Courtney Caligiore is a senior teacher who is part of a large early learning centre in Melbourne. In this blog post she describes their centre’s journey in delivering quality education and documenting their work within Australia’s National Quality Framework.

I am the educational leader in a large LDC centre in the inner suburbs of Melbourne. We support highly professional families, situated ‘on site’ of their workplace. The centre has recently expanded and moved premises, and we now cater for approximately 120 children per day.

We are constantly striving to meet and exceed standards of quality care, and as the introduction of the National Quality Framework corresponded with our expansion, this led to a review of current practice. In developing a Quality Improvement Plan (QIP), we concluded that ‘communicating with families’ was an area that needed further deliberation, considering the size of the service, and the needs of our stakeholders.


Communicating with families at the time was achieved by hand-written & displayed information, verbal ‘chats’ and ‘PowerPoint’ documentation. The impact of these methods however did not seem to be having the desired effect, and educators felt that they were not reaching families in a way that was compatible with their needs and lifestyles (families often did not have time to chat or read displays in the room). We also recognised limitations in our use of ‘PowerPoint’ as a way to record and track children learning, as it was not always accessible to children and families. And it was at this time that we came across Storypark.

Storypark was marketed to us as a tool that makes communication between children, families and educators an easier process. Whilst hesitant at first to trial an internet based program for storing children’s learning, we were well supported by the company to educate our staff as to how best to engage with the program. This included interactive conferences via Skype, to train the educators in basic operations, and ongoing emails about updates.

The impact of this program has transformed the way in which we communicate with families in a number of ways. From little input, we now have daily feedback from parents about the educational program, and their children. Furthermore, we have broadened our ‘community’ by involving parents who do not usually drop off/pick up their child, and inviting extended family and friends of children, to be involved in their learning.

Educators are also able to condense the number of ways that they wish to document and share information, and incorporate them into Storypark. For example, previously hand-written daily reflections are now posted on the ‘Community’ tab, for all families to see. Children’s individual portfolios that would have been stored on separate PowerPoint presentations, are now all kept in the one program.  Therefore, it is much easy for educators to plan, document and reflect their children’s development, alongside their teaching practices, and allows all stake-holders to see ‘distance travelled over time’, that is, what the children have learnt in their time at our service.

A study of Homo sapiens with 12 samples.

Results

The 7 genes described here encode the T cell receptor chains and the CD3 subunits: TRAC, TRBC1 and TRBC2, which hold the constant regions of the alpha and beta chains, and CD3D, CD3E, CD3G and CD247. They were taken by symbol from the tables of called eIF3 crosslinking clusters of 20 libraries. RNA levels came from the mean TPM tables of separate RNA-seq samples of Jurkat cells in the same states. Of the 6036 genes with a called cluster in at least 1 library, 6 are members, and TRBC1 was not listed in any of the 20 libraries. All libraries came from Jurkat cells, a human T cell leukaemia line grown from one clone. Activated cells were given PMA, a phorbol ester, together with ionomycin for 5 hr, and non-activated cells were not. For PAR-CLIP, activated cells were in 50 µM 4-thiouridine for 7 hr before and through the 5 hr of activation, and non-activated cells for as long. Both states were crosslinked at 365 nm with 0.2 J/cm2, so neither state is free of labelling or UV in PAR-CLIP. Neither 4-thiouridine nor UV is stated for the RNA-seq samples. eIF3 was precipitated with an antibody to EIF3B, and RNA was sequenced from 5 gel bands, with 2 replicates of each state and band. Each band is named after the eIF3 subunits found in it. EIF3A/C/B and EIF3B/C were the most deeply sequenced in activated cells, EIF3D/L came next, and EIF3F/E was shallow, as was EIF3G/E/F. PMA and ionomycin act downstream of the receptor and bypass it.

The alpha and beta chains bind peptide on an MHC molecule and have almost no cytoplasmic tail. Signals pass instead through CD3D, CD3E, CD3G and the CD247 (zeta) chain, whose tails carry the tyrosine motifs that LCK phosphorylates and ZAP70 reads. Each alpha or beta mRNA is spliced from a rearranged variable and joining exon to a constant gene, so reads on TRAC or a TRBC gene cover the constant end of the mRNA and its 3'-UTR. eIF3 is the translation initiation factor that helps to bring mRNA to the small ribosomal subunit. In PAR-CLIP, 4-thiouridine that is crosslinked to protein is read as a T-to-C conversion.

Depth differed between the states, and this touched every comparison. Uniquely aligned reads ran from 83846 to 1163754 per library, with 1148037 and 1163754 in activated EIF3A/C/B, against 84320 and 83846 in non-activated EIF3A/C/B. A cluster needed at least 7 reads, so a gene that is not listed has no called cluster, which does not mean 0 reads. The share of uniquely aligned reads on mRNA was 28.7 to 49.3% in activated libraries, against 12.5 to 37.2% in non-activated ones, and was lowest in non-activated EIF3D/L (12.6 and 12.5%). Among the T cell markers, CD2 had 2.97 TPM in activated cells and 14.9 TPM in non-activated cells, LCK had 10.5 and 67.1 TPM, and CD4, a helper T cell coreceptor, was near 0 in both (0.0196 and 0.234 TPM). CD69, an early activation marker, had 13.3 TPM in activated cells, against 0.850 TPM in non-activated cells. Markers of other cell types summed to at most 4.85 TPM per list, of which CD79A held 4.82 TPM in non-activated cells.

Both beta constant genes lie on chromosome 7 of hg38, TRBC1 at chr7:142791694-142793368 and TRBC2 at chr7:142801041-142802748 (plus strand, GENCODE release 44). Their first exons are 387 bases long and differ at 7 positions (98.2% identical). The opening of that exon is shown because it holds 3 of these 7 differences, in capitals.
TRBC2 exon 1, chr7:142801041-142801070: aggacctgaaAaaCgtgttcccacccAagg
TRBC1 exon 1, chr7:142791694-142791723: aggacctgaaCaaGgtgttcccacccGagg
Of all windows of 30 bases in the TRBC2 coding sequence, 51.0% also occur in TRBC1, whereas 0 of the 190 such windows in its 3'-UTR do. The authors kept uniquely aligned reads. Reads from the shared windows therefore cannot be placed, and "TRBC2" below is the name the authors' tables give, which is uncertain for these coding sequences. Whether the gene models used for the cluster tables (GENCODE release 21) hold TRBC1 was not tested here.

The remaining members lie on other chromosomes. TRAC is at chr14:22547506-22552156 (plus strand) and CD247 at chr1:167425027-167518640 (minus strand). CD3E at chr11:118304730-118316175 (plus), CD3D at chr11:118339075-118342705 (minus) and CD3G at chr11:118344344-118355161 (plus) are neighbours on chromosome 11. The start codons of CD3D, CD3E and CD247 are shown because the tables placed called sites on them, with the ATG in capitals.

Storypark is also NQF/EYLF friendly, with its flexibility to be interpreted in a variety of ways. Educators are invited to use their knowledge of documentation by publishing a range of observations, and information for families. Therefore, if you were to ask each educator at our service how they find Storypark, you would hear a variety of ways in which they have engaged with the program, and how they have been able to incorporate it into their own personal values and practice.

Perhaps the most prominent transformation for our service however, is the ability to communicate in ‘real-time’. As mentioned above, we had recognised that the NQF requires documentation to be accessible at all times to families, and has been a challenge in our service. Having professional families receive updates at their desk about their child’s day has been invaluable. We have seen an increase in the amount of communication and involvement in the children’s documentation and have also begun to notice a shift in the value that families now place on our daily practice. For our service,

Storypark has cemented our sense of community, and strengthened the way in which we support and extend each child’s potential.